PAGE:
With COVID-19 threatening to make the already stressful wildfire season worse across the western United States, scientists are turning to satellite imagery and artificial intelligence for better blaze predictions.
Researchers at Stanford University have developed a deep-learning model that can analyze remotely-sensed data to identify and reveal areas that are at the greatest risk of wildfires.
The likelihood that a wildfire would occur in a particular region depends on several factors: the availability of ignition sources, the propensity of vegetation to ignite, and the ease of fire spread once the fuel has ignited. Live fuel moisture content (LFMC), which is defined as the mass of vegetation water per unit dry biomass, is a key underlying factor in all the three components. Higher the LFMC, wetter the vegetation, and lesser the risk of wildfire. And vice-versa.
Typically, to determine the amount of flammable vegetation in an area, fire agencies chop and weigh samples from a small number of trees, dry them out in an oven, and then weigh them again – to see how much water weight the vegetation has lost.
“That’s obviously really laborious, and you can only do that in a couple of different places, for only some of the species in a landscape,” Stanford ecohydrologist Alexandra Konings, points out.
Indeed, the US Forest Service has painstakingly done this job since the 1970s at hundreds of sites across the country and amassed around 200,000 water content measurements for the National Fuel Moisture Database.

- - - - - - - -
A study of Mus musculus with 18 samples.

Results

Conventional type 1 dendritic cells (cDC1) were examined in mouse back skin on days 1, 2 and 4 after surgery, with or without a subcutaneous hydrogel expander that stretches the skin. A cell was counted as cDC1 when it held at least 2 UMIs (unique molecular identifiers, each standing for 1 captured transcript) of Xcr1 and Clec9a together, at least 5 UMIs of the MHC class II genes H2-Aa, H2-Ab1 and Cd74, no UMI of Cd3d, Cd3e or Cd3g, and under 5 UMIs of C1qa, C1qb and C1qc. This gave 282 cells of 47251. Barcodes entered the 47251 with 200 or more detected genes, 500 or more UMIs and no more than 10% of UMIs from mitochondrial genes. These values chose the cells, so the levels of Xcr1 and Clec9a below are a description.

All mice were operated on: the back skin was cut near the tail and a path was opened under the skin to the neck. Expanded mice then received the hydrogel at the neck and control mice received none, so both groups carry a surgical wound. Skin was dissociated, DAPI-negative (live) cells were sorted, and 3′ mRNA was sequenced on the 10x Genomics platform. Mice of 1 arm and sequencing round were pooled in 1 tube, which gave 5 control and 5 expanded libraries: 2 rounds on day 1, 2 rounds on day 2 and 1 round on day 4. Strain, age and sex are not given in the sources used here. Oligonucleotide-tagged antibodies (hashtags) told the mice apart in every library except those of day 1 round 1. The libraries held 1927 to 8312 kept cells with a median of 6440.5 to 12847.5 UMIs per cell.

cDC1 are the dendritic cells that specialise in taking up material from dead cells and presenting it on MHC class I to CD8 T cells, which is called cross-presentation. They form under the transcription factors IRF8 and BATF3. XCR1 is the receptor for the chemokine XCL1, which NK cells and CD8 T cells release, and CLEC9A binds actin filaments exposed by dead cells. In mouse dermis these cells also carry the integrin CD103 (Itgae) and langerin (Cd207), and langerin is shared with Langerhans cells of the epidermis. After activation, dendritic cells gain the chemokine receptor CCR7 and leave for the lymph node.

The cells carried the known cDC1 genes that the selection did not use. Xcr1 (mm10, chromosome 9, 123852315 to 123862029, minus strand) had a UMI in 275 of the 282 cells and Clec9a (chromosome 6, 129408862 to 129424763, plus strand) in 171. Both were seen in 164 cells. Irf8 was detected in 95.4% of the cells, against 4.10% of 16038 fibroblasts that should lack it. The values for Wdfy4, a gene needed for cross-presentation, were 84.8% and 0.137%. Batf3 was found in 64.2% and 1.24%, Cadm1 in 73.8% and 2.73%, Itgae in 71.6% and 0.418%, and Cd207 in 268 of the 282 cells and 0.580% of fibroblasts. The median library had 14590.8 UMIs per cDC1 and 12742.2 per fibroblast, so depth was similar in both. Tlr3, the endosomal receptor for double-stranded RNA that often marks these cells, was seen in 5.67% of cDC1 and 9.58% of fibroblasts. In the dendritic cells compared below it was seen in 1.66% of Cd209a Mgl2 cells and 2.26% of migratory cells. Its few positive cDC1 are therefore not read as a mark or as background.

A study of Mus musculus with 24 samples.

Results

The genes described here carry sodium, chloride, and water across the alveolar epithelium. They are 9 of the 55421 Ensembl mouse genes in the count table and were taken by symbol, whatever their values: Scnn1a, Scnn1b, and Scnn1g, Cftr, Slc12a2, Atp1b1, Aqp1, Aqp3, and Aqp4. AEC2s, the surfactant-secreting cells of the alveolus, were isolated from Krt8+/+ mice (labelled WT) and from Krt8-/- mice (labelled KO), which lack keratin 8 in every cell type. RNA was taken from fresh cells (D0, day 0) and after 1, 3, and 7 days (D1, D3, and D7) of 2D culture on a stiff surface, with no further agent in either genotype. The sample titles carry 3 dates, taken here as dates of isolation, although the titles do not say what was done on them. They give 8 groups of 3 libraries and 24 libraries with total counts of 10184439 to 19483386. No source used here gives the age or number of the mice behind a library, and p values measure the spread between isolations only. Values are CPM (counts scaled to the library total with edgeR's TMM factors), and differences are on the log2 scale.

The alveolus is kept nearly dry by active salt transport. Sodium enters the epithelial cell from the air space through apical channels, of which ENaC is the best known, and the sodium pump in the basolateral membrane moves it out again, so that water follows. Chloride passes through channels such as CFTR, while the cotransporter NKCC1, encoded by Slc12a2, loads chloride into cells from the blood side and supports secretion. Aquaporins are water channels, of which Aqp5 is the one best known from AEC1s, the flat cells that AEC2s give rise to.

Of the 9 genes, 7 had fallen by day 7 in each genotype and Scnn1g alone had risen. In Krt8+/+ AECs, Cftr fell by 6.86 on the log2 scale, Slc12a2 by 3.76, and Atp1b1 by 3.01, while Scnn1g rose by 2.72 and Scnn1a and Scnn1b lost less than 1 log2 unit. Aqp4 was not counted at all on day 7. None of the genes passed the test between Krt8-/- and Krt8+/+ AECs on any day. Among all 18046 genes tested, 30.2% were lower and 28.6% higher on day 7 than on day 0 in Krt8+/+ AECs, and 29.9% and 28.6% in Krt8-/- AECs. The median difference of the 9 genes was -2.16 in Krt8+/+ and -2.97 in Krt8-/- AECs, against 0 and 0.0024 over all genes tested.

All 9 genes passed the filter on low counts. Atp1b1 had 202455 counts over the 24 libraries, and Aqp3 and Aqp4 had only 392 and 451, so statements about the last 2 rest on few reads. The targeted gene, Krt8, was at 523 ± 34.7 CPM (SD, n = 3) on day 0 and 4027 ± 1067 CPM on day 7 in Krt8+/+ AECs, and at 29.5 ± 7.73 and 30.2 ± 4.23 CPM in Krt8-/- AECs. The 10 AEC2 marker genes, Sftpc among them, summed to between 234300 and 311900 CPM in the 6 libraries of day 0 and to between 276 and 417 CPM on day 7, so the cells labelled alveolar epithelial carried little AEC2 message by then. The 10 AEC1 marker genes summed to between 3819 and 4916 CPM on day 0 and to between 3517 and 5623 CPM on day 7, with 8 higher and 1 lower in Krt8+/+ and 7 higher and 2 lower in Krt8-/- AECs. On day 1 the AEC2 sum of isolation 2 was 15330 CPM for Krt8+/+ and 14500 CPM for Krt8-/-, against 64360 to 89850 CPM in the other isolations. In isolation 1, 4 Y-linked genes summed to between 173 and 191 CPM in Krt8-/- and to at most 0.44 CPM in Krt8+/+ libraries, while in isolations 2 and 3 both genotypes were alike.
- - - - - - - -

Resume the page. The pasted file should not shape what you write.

Meanwhile, the artificial intelligence system proposed by Stanford researchers estimates fuel moisture from two types of satellite data:
- Measurements of visible light bouncing off Earth
- Synthetic aperture radar (SAR), or measurements of the return of microwave radar signals, which can penetrate through leafy branches to the ground surface
“One of our big breakthroughs was to look at a newer set of satellites that are using much longer wavelengths, which allows the observations to be sensitive to water much deeper into the forest canopy and be directly representative of the fuel moisture content,” Konings tells, explaining how the machine learning model was fed on three years of data for 239 sites across the US west starting in 2015, when SAR data from the European Space Agency’s Sentinel-1 satellites became available.
Admittedly, the model needs more testing to figure into fire management decisions that put lives and homes on the line, but the AI predictions for shrublands are showing promise by matching most closely with the field measurements in the National Fuel Moisture Database.
Shrublands, which occupy as much as 45 percent of the American West, is not only the region’s biggest ecosystem, but it is also extremely susceptible to frequent fires since it grows back rapidly.
According to Krishna Rao, a Ph.D. student in Earth system science at Stanford, the model is already illuminating previously invisible patterns. “Just being able to see forest dryness unfold pixel by pixel over time, can help reveal areas at greatest risk and chart out candidate locations for prescribed burns.”